It appears that you see different devices as being unable to have a hand in the same market, like a company is only allowed to go after one specific market at a time when it produces a product. You're basically saying "Product A is a ___ made primarily for the X Market; therefore, it cannot compete with Product B in the Y Market, even though they share much functionality and there is a significant portion of consumers that may choose one over the other in the Y Market because many of their functions overlap."
You want a visual? Refer to the Euler diagram below. The circles in the bottom right rectangle represent the video game market (A), the home console market (B), and the smartphone/tablet market (C). B and C are independent of each other. All B are A, but not all C are A. More C is becoming A, leaving less room for B.
Comparing a compact car to an 18-wheeler is a sensational strawman argument, and I think you already know that. A compact car is a consumer vehicle bought for personal use and an 18-wheeler is overwhelmingly used for commercial purposes. These really are for different markets because you don't use them for the same reason at all. I can't go to a dealership and purchase an 18-wheeler, and even if I could, it would require a special license to operate it. I can walk into a store and purchase a home console, a handheld console, a phone or a tablet with no objections provided I have the money. I can buy them all, or I can choose just one or two that are most relevant to my tastes and interests... the very thing hundreds of thousands of consumers do every day. And a factor in those decisions is the gaming capabilities of these devices.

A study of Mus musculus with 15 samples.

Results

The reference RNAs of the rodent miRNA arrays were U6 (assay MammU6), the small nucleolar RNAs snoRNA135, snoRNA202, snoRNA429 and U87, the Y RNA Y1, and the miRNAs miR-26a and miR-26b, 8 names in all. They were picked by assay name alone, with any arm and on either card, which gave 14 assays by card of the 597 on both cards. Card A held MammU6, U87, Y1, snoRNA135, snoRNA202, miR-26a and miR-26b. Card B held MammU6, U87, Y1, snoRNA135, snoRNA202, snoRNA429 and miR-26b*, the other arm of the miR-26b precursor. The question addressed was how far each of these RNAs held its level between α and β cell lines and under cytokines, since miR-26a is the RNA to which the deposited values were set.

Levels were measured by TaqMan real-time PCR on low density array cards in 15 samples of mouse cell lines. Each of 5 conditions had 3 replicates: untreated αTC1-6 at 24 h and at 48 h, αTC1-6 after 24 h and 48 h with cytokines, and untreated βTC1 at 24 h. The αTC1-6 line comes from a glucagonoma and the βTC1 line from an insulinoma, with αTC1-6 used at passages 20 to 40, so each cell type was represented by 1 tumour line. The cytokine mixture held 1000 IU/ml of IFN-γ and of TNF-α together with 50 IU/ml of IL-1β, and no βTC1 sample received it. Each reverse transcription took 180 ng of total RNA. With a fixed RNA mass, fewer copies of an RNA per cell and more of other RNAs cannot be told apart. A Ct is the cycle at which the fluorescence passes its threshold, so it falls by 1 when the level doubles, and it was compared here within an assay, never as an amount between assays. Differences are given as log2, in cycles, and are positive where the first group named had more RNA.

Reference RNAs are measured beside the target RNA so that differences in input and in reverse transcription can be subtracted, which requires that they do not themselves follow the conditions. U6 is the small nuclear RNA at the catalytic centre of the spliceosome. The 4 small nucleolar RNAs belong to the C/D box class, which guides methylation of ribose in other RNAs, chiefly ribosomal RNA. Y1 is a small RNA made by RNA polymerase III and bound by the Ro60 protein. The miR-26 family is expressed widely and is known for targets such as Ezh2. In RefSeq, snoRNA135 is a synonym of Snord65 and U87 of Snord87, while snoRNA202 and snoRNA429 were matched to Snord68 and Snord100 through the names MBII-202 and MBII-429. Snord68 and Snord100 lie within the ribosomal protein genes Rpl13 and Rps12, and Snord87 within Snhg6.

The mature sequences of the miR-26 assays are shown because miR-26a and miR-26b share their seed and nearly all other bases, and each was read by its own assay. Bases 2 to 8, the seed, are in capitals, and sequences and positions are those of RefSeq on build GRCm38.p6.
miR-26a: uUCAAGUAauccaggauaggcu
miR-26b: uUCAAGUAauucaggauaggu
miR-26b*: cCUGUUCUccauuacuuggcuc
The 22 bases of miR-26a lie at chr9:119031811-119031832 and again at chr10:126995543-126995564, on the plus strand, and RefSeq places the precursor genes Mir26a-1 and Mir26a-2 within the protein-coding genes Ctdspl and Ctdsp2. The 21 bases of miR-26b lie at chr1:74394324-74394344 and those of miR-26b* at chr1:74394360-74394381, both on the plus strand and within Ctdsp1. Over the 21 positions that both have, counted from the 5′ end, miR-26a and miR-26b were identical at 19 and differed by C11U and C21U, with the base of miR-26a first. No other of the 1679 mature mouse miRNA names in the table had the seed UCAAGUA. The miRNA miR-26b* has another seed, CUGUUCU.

So while smartphones, tablets and especially portable consoles are not completely representative of the entire video game market, to say that they don't have an effect on home console sales is to stick your head in the sand. That's like saying smartphones haven't taken a major bite out of the home phone business because one is tied to a land line but offers higher quality and the other is portable but has a Swiss army knife of features. That's like saying smartphones haven't taken a bite out of the consumer digital camera market because one is made only for snapping photos while the other has it as a side feature (if you think not, then Kodak shareholders would like to have a word with you).
I have more to add, but it's almost quittin' time at work, so I must end this already lengthy reply now.